Sunday, December 14, 2014

To My Grandmother, a Dedication.

The other week I went to visit my grandmother.

She was sick, she'd just moved into a nursing home after falling quite ill and spending a prolonged period of time in hospital.

My family and I sat around having a chat, we discussed our plans for Christmas and upcoming birthdays. My grandmother asked me about the manuscripts I am always writing, always hoping to publish.

Just yesterday my own mother called me, and somehow I knew what she was going to say because I'd been expecting the call - I'd been waiting for it for months.

My grandmother was eighty-three years old when she died. She was sixty when I was born. When she was younger she walked the runways in Sydney as a model. Later she met my grandfather and had four daughters. Her taste in clothing was impeccable, she looked like Audrey Hepburn in photographs.

I feel like I should be sadder, more downcast knowing that her life is now only our memories and our perceptions, not her own. But there is I think a lot of peace in the religious death.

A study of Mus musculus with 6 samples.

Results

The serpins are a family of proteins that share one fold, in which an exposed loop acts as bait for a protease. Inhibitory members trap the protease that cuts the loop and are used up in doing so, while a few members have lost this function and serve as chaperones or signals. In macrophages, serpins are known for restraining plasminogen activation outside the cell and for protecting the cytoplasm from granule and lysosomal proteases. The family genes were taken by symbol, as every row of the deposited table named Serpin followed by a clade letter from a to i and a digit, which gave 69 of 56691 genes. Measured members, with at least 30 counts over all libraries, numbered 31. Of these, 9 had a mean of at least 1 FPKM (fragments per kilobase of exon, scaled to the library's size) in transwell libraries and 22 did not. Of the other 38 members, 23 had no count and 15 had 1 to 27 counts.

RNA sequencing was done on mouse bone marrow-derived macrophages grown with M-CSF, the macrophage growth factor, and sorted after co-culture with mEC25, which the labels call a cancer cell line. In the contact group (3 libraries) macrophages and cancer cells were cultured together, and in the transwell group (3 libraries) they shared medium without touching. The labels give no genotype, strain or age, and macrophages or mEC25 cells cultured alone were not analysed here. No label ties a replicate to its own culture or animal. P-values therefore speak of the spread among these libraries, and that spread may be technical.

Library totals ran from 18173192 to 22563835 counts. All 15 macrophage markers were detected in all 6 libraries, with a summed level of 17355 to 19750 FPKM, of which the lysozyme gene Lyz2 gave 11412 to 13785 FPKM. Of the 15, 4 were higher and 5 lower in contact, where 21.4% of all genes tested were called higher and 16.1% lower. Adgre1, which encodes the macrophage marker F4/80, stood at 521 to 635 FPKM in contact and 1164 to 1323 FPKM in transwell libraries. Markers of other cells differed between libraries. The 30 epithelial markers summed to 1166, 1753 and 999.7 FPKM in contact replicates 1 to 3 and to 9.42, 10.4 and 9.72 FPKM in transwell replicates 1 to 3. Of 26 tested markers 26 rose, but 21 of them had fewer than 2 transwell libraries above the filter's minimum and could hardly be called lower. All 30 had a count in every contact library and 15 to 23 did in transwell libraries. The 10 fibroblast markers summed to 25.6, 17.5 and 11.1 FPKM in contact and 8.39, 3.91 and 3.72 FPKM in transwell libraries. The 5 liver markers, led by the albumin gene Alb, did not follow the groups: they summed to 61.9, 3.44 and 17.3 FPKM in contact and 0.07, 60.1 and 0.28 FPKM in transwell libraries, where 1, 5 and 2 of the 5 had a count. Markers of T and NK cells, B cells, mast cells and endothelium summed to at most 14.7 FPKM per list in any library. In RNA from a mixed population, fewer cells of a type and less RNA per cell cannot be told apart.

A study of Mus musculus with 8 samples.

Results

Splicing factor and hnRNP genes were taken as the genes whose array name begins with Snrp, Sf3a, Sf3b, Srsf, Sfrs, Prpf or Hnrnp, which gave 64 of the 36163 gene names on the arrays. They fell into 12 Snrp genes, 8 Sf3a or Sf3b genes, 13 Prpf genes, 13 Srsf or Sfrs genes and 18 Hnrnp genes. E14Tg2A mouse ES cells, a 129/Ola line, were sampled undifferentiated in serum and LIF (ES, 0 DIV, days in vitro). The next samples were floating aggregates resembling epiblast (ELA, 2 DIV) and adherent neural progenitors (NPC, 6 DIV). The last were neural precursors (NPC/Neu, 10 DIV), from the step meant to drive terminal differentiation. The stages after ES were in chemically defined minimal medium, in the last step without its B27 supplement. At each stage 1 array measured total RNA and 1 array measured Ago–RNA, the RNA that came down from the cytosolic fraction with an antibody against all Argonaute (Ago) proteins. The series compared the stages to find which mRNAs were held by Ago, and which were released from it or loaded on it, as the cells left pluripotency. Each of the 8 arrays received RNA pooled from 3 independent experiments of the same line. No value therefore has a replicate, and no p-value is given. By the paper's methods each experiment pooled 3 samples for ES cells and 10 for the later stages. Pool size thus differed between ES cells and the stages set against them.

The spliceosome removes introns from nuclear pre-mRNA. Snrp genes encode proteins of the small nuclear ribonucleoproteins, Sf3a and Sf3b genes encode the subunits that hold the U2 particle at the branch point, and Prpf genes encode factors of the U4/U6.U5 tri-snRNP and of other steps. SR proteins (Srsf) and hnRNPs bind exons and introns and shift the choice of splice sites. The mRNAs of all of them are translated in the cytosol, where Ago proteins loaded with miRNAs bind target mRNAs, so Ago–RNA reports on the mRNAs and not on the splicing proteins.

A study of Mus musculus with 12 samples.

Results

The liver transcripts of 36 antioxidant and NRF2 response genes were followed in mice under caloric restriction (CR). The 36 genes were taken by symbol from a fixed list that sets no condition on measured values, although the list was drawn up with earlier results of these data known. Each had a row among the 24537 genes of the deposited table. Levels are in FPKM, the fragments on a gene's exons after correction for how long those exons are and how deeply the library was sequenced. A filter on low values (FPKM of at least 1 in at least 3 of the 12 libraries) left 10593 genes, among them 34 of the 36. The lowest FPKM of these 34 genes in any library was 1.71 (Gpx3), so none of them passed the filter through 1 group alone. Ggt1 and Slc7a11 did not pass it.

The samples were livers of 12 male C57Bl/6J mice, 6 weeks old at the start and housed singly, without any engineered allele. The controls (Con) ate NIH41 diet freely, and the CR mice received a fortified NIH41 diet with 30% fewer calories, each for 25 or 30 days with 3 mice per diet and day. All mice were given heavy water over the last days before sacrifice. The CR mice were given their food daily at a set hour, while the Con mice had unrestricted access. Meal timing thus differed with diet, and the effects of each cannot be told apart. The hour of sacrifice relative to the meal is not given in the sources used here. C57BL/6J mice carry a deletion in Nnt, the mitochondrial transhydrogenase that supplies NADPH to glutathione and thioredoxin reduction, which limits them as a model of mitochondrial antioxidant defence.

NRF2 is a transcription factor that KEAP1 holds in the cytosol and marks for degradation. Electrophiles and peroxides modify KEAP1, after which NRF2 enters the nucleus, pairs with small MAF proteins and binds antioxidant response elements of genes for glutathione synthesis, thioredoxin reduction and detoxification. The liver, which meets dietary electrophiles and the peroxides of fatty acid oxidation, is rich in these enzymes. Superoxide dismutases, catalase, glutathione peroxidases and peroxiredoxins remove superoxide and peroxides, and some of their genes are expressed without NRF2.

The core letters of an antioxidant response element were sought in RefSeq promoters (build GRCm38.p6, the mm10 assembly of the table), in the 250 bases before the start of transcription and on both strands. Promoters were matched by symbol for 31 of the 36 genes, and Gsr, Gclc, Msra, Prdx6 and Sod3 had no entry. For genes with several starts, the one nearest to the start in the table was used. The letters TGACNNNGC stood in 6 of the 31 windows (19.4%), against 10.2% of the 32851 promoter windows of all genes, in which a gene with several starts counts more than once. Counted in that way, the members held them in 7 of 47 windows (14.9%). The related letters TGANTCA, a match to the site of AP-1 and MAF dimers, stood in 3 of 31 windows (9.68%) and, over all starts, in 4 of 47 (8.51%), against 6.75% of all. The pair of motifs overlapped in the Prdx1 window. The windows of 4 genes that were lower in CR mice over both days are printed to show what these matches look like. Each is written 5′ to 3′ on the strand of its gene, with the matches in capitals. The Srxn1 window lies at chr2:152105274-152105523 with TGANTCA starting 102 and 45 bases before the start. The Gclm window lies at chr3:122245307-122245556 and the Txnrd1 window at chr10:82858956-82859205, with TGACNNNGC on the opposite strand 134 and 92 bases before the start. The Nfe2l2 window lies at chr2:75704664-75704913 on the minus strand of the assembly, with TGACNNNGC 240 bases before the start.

I am not religious, but my grandmother was Catholic: She spent her whole life believing that death meant to go to heaven, to see her husband and parents and everyone else who disappeared along the way again.

There is some sadness in this event: There is the moment of 'missing' and the little ache in the chest that jars when you realise that you won't be able to have Christmas lunch with your grandmother, you won't ever be calling your mum to find her address so that you can send her a surprise letter or card for her birthday or just because.

No one's ever going to ask you, 'have you called your Grandmother?' again, because you are twenty-two and selfish and you keep forgetting that people like to hear from you - because without them you wouldn't exist. That is the sad part. But when I think of my grandmother dying, all I think of is her absolute staunch belief in the afterlife and the church and her education of that and I hope that there was not a shadow of doubt in her last moments.

Despite what I believe, or you believe or Bill Maher or the Pope believes - life can be really difficult and painful: After eighty-three years of doubt and hope and knowing you know nothing you can only pray that your last moments grant you the peace that comes with one of those brilliant mood-swings in which you believe, even if only for a few hours, that you 'know' at least one thing. 'I'm going to heaven', 'there is a god, he is good', 'I will see my husband again'. All humans deserve that: No matter what belief system we choose to follow we at least deserve a moment of calm and trust before death.